The best way to define hiking in Colorado is through the numbers: 41 Colorado State Parks, 11 national parks and monuments, 13 national forests and grasslands and 54 14ers (peaks that rise more than 14,000 feet above sea level). All of these add up to thousands of miles of Colorado hiking trails waiting to be explored.
One of the highest profile Colorado hiking trails is the Colorado Trail. Popular with backpackers and experienced hikers, the nearly 500-mile trail climbs, crosses and descends the Rocky Mountains between Denver and Durango, passing beneath 14ers, beside rushing rivers and through wildflower meadows. As one of the nation’s premier long-distance trails, it takes at least 21 days to traverse its entire length (though backpacking shorter sections is also a popular pursuit).
For those out for shorter hikes, Colorado State Parks and national parks offer seemingly endless options. Visitor centers inside every park can provide excellent trail maps and advice on which hiking trails are best suited for all levels of hikers. These parks, as well as 100,000-plus acres of roadless areas in Colorado, can get you on a hiking trail within just a short drive of major cities like Denver, Colorado Springs and Boulder.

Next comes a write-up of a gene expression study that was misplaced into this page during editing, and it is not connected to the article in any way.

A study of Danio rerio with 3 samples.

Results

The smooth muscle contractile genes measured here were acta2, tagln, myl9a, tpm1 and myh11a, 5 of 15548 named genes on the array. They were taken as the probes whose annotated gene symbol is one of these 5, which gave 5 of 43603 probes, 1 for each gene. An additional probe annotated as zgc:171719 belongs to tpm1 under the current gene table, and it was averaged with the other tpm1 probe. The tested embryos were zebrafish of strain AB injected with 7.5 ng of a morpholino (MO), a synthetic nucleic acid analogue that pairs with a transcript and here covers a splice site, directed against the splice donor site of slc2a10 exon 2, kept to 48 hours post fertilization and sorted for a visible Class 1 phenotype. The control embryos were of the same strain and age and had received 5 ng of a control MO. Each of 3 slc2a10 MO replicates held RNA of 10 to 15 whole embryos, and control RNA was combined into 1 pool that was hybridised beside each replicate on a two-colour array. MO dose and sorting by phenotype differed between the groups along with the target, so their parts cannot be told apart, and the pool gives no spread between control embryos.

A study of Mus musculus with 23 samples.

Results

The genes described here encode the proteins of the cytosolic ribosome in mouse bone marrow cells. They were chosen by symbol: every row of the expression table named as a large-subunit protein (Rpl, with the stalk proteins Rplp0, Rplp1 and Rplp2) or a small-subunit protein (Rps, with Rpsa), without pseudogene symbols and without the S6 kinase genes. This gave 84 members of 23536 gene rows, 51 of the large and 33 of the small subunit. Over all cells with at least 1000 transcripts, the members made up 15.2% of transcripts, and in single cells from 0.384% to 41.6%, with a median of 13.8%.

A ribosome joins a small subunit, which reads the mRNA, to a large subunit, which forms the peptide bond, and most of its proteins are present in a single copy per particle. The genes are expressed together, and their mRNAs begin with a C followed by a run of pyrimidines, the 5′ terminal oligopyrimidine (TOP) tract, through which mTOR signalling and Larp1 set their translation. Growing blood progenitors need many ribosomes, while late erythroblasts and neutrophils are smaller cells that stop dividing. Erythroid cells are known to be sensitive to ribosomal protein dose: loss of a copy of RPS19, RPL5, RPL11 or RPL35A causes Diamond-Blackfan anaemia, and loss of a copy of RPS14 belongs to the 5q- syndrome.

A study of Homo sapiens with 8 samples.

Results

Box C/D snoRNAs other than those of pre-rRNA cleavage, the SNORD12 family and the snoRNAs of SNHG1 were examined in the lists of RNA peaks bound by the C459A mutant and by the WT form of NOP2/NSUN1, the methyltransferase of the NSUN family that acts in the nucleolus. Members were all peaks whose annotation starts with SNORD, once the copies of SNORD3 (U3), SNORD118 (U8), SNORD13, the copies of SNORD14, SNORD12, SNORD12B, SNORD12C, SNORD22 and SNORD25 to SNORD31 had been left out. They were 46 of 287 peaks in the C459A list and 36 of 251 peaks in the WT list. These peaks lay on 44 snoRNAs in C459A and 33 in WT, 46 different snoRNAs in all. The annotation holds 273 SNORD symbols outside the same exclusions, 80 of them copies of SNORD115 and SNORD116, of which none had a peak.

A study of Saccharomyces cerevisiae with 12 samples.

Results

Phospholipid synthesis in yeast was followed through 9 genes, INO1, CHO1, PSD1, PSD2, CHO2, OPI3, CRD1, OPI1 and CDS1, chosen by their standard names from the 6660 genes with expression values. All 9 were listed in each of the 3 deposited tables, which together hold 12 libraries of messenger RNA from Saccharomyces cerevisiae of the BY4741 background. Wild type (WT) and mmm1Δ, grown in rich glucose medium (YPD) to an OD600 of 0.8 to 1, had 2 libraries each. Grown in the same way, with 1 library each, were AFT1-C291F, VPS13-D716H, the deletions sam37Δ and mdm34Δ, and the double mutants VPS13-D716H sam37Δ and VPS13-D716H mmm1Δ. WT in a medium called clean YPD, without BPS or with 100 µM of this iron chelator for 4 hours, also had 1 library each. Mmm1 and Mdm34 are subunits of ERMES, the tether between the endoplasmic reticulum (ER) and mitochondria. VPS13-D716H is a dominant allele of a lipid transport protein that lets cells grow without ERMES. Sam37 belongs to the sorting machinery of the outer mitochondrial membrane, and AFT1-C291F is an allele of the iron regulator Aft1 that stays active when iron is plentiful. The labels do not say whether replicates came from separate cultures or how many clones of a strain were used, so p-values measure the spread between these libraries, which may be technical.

Besides granting access to postcard-worthy views and fresh air, Colorado’s best hiking and backpacking trails will lead you to some of North America’s most incredible wildlife-watching locales. Watch elk bulls fight for their ladies in Rocky Mountain National Park, see baby mountain goats scurry across crags near Mount Evans and spot bald eagles and other rare birds nest in the cottonwood trees of the Alamosa and Monte Vista National Wildlife Refuges.
Before setting out on any Colorado hike, make sure you have adequate water (at least two quarts per person), sunscreen, enough clothing and layers for changing conditions and a good map.